Tracks 1-35 detailsThe book "Kracker Jax Revealed Trilogy" gives a nice oversight on how RapidLok tracks are organized. As pictures say more than 1000 words I decided to visualize this using "screenshots" of some chosen tracks inside a G64 image of my Microprose Pirates PAL disk side 1. Figures #1+#2 below give a nice overview of the protection status of all (data) tracks on a RapidLok protected disk. The name of the tool is "RapidLok Scanner" for C64, and it's included on the disks "Bullseye", "Kracker Jax REVEALED TRILOGY VOL 1-2", "RapidLok Utilities".
Figures #1+#2: Pirates G64 images scans. Left: side 1, right: side 2.
Obviously we have two types of tracks: Standard (DOS) formatted tracks (marked green) and RapidLok formatted ones (marked red). "Version: 6" means it's RapidLok6. RapidLok formatted tracks RapidLok formatted tracks 1-17 have 12 data sectors, read at bit rate "11 = 307692 Bit/s". RapidLok formatted Tracks 19-35 have 11 data sectors, read at bit rate "10 = 285714 Bit/s". The following Figure #3 shows the typical header of a RapidLok formatted Track ($1BE8 is track length). It starts with $14 bytes Sync mark (20x$FF) at $24F3C, followed by the $7B "Extra sector" (starting with a $55 byte; number of bytes (mostly $7B's) must match the corresponding Track Key retrieved from the Track 36 Key Sector). Then a $29 Sync mark introduces the 12-byte "DOS Reference header", which is actually a valid $52 DOS sector header. Directly following is the first RapidLok data sector. Each RapidLok data sector consists of a header and the actual sector data, both preceded by Sync marks of 5 bytes length - except the Track's first data sector after the "DOS Reference header" having a $3E bytes long Sync mark (62x$FF) before the header. Data sector headers start with $75, the following header byte values are irrelevant for RapidLok. The data blocks start with $6B and are about $255 bytes long (only first 3-4 lines of the $6B data sector are shown in Figure #3 below, rest is omitted to keep the figure small). All $6B data sectors have an embedded parity byte, so we'll notice when a disk has bad sectors. Keep in mind that all given byte lengths here may slightly vary from dump to dump and disk to disk. And don't worry about the "$73" byte at offset $24FF6 in Figure #3 below, such things may also happen. RapidLok routines use tolerances.
Figure #3: RapidLok Track Header (Track 20).
Standard (DOS) formatted tracks There are also tracks containing sectors in the usual standard DOS format on a RapidLok protected disk. Those tracks have the usual number of standard (DOS) sectors and are read with the usual standard (DOS) bit rates. There are no tracks containing both standard (DOS) and RapidLok sectors. All those tracks simply start with a $14 bytes long Sync mark (20x$FF) followed by a $7B "Extra sector" which is slightly different from the one described above. This "Extra sector" starts with a $55 byte, followed by a number of $7Bs and ends with a number of $AAs/$55s. The length of this "Extra sector" is not checked against the corresponding Track 36 Keys. The $52 "DOS reference sector" with its surrounding long Sync marks is missing in DOS formatted tracks (as each DOS sector has such a reference header). The following Figures #4 and #5 show the track header on standard (DOS) formatted tracks (the tools NIBREAD/NIBCONV seem to like positioning them at the end of each Track - so I moved them to the start right after the G64 Track length number for your convenience here).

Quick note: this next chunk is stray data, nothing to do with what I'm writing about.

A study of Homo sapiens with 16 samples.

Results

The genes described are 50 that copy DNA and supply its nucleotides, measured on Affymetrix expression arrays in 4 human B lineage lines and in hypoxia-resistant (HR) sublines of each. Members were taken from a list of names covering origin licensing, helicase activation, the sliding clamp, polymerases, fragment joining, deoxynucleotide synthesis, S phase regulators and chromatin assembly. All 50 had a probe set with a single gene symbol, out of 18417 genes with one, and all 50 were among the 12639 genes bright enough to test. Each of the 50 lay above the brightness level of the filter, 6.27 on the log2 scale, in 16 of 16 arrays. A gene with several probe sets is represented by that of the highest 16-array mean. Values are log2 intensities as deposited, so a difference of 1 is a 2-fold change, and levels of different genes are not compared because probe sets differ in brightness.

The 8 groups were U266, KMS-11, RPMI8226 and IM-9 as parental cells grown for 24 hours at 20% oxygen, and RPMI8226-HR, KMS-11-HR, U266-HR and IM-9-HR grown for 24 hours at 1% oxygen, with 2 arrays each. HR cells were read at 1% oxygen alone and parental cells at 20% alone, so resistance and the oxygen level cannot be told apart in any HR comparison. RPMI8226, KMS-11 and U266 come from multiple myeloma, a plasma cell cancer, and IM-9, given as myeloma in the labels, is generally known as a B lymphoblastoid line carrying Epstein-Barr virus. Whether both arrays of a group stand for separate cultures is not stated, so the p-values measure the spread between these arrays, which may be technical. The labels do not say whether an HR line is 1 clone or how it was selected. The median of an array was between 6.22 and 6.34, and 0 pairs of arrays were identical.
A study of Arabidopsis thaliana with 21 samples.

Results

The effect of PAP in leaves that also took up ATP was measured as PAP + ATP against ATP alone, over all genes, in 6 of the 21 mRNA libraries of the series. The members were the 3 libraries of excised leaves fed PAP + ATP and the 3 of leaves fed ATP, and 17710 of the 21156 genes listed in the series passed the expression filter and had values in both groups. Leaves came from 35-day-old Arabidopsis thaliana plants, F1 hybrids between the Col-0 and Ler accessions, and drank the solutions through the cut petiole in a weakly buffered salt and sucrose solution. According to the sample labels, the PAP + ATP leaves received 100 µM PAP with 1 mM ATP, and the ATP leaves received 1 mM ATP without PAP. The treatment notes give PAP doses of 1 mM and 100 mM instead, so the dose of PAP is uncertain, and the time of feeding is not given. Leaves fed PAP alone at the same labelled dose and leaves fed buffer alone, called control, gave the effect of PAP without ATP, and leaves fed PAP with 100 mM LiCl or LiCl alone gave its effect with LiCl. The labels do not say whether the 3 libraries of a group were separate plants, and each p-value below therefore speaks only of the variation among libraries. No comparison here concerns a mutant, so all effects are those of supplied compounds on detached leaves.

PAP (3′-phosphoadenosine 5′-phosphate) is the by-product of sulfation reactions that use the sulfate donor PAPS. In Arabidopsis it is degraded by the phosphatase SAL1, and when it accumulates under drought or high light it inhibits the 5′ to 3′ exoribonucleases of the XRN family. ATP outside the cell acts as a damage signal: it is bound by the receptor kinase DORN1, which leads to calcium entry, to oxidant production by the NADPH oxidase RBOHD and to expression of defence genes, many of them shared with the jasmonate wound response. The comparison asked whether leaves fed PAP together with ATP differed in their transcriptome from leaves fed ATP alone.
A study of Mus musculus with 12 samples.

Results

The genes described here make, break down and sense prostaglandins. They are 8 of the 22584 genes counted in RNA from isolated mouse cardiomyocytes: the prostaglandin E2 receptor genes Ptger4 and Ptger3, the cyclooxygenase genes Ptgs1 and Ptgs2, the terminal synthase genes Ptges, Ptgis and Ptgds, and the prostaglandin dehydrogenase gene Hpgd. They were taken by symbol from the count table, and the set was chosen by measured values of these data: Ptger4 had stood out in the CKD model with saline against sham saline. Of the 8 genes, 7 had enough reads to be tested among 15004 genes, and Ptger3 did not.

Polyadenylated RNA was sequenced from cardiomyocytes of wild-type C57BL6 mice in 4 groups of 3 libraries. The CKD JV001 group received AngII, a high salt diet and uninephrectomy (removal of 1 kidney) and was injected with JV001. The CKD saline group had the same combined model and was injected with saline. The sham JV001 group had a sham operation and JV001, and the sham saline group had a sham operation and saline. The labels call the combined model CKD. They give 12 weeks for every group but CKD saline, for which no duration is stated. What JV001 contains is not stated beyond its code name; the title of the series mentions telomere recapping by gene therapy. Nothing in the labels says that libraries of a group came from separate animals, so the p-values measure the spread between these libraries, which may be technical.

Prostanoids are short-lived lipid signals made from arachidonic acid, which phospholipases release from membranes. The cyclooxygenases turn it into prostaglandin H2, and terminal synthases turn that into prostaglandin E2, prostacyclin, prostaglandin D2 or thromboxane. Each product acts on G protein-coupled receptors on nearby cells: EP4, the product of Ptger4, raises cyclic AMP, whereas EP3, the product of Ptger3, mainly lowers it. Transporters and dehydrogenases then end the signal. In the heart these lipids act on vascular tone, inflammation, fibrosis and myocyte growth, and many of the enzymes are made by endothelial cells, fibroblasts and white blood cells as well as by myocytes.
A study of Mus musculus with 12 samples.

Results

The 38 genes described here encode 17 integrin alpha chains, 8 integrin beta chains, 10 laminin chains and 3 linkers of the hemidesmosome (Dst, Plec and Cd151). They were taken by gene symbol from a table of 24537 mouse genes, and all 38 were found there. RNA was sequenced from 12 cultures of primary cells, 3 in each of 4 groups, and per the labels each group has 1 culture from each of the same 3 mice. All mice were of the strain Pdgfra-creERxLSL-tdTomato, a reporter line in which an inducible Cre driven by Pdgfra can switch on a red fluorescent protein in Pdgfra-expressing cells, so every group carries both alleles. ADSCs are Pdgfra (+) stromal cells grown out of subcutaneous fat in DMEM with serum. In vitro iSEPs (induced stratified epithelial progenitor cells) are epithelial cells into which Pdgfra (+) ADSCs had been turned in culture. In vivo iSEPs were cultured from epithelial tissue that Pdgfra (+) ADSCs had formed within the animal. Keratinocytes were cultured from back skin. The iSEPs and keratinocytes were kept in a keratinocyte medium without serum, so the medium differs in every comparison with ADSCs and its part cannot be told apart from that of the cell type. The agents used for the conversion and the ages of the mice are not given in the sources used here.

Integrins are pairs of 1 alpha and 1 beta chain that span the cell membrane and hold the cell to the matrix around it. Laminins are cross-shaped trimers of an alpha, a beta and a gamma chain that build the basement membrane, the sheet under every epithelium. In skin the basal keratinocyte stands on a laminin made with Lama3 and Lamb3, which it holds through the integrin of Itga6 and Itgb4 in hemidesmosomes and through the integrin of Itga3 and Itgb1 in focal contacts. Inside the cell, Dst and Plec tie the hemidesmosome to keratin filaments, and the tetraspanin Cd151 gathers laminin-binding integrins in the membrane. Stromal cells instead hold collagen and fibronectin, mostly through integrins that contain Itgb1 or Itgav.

Figure #4: Track header of standard DOS formatted Track (Track 5) - Type A.
Figure #5: Track header of standard DOS formatted Track (Track 6) - Type B.
Empty sectors As on all standard DOS formatted disks there may be empty sectors on a RapidLok protected disk as well. There are two types of them on RapidLok protected disks: Empty sectors on a RapidLok formatted Track (see Figure #6) and empty sectors on a standard DOS formatted Track (see Figure #7). Empty RapidLok sectors are simply "$6B data blocks" with only $55-bytes in them (slightly different length: about $25C bytes). Empty standard DOS sectors are filled with $55-bytes (GCR) as well, have a correct standard header but the first GCR bytes of the data block do not decode to $07 ("Data descriptor byte" / data block ID). This is the reason here why NIBREAD outputs "code 4" sector errors to the console.
Figure #6: Empty RapidLok sector (Track 7).
Figure #7: Empty standard DOS sector (Track 4).
As far as I have seen, $7B "Extra sectors" (with their long Sync marks) can be removed without problems from standard (DOS) formatted tracks (even from Directory Track 18).